Naturalizing Crocus in the Lawn

April 7th, 2008

Crocuses in the LawnFinally Flowers. Michigan had an abysmally cold February and March and all the bulbs and other plants were delayed, I heard that even one state to the South things were on schedule, but up here this is the latest start I remember in recent time.

But finally, things are waking up, and up first of course, are crocuses. So I get to see the results of the in-lawn plantings I did last fall.

Planting crocus in your lawn is a great way to plant more flowers without having to make more garden beds. The bulbs sit below your sod, the crocus foliage looks like grass, and by the time you need to mow, the flowers are done and it doesn’t hurt them.

You can naturalize your entire lawn, something I’d highly recommend if you’re putting in new sod or seeding for the first time after construction. You may need to shop around to find a distributor willing to sell you thousands of bulbs in bulk for relatively little cash but I think it’d be worth it. You would have, every Spring, a carpet of blossoms where your lawn should be. People will stop to take pictures, it would be beautiful.

For those of us with established lawns though, such a thing is possible, just much much much more work as we have to remove and then replace the sod.

What I did was just two small areas totaling probably 10 square feet together. I used an edging spade to cut the grass into squares of about 12 inches and then used a flat shovel to scoop them up in one piece. I then laid the crocus bulbs (technically corms) down on the exposed dirt, replaced the sod, and tamped down. It was a good deal of work, my sod was compacted and tough to dig, but I’m glad I did it. You’ll want to plant densely for a more powerful affect, so err on the side of too many bulbs rather than too few.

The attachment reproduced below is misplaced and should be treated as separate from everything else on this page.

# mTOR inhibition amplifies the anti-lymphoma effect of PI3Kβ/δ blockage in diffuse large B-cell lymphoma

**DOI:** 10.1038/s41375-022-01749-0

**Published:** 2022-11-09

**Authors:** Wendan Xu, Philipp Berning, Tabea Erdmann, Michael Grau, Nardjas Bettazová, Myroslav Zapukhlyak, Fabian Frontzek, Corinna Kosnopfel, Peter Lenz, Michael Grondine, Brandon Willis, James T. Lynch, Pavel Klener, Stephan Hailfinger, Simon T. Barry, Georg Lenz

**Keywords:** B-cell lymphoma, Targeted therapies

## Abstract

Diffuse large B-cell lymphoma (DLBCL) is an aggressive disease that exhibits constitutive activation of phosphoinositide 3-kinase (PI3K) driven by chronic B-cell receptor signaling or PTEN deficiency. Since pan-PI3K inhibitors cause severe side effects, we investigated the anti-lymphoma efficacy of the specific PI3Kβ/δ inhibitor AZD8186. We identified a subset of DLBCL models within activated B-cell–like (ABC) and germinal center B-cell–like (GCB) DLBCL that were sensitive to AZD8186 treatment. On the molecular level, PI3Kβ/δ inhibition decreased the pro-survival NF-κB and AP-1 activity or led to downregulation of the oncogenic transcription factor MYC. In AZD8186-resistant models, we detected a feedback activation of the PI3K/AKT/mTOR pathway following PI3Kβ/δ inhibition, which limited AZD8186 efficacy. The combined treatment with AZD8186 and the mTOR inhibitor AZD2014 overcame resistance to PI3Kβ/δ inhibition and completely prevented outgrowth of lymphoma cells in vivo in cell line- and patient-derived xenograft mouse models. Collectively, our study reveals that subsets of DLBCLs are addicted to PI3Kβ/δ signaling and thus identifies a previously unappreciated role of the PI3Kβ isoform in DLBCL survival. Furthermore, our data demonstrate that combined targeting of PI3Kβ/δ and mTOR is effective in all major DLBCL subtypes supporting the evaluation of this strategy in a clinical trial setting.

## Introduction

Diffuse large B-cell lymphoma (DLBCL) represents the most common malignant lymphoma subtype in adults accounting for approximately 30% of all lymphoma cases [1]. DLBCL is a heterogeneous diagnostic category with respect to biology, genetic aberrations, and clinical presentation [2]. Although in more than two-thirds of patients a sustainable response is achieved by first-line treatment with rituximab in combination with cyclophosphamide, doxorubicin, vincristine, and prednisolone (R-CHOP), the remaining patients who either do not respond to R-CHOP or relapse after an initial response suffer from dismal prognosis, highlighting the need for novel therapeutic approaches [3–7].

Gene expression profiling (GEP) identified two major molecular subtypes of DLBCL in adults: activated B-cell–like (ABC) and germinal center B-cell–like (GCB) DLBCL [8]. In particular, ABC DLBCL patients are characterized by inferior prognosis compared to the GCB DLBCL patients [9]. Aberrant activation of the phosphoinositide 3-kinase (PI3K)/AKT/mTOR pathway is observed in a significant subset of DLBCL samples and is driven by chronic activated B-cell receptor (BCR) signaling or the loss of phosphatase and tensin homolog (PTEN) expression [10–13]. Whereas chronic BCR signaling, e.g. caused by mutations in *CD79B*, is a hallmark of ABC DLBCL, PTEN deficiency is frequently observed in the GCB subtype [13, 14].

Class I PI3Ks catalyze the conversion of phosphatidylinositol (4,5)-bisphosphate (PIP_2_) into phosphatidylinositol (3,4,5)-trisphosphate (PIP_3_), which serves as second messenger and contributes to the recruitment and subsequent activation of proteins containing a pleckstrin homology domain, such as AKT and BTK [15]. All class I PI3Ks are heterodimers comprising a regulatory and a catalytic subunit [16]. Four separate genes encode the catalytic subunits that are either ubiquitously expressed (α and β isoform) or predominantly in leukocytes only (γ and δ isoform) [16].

You will notice in the picture some dying grass, that is to be expected, the edges where you cut the sod will brown, but that should respond and fill in within a month or two in the Spring and of course be gone entirely in future years.

Probably when I buy a new house or otherwise have the opportunity to plant BEFORE sod is laid or seed is sown, I will plant thousands of crocus bulbs for huge swaths of color. For now though, I’ll enjoy what I’ve got.

3 Responses to “Naturalizing Crocus in the Lawn”

  1. Rees Cowden  Says:

    I love the look of crocus popping up in a lawn. So many people freak when their beautifully manicured turf is disrupted. Daffodils are another bulb that look great in turf. The good part is that after they bloom you can just mow them down and they comeback next year. Thanks
    Rees Cowden

  2. James Mann  Says:

    We have a cold and very icy winter here in New Brunswick Canada but the snow did start to disappear and as soon as their was bare ground the Crocuss started poking through the dirt. A true sign that spring had arrived.

  3. se bowen  Says:

    Love this idea!
    When naturalizing some lupines seedlings in my back lawn I used a bulb planting tool to cut through the sod/soil then pour a cup of water in (this gives them a moist environment to settle in as well as losing the air pockets) ~ plant seedlings! The result is a seamless undisturbed look to the area. I think this could be used to plant crocus bulbs easily!
    Plant my daffys at the woods edge where the field (aka “lawn” lol!) meets the woods, as well as my day lilies. IMHO these fleurs do not belong entrapped in a formal garden!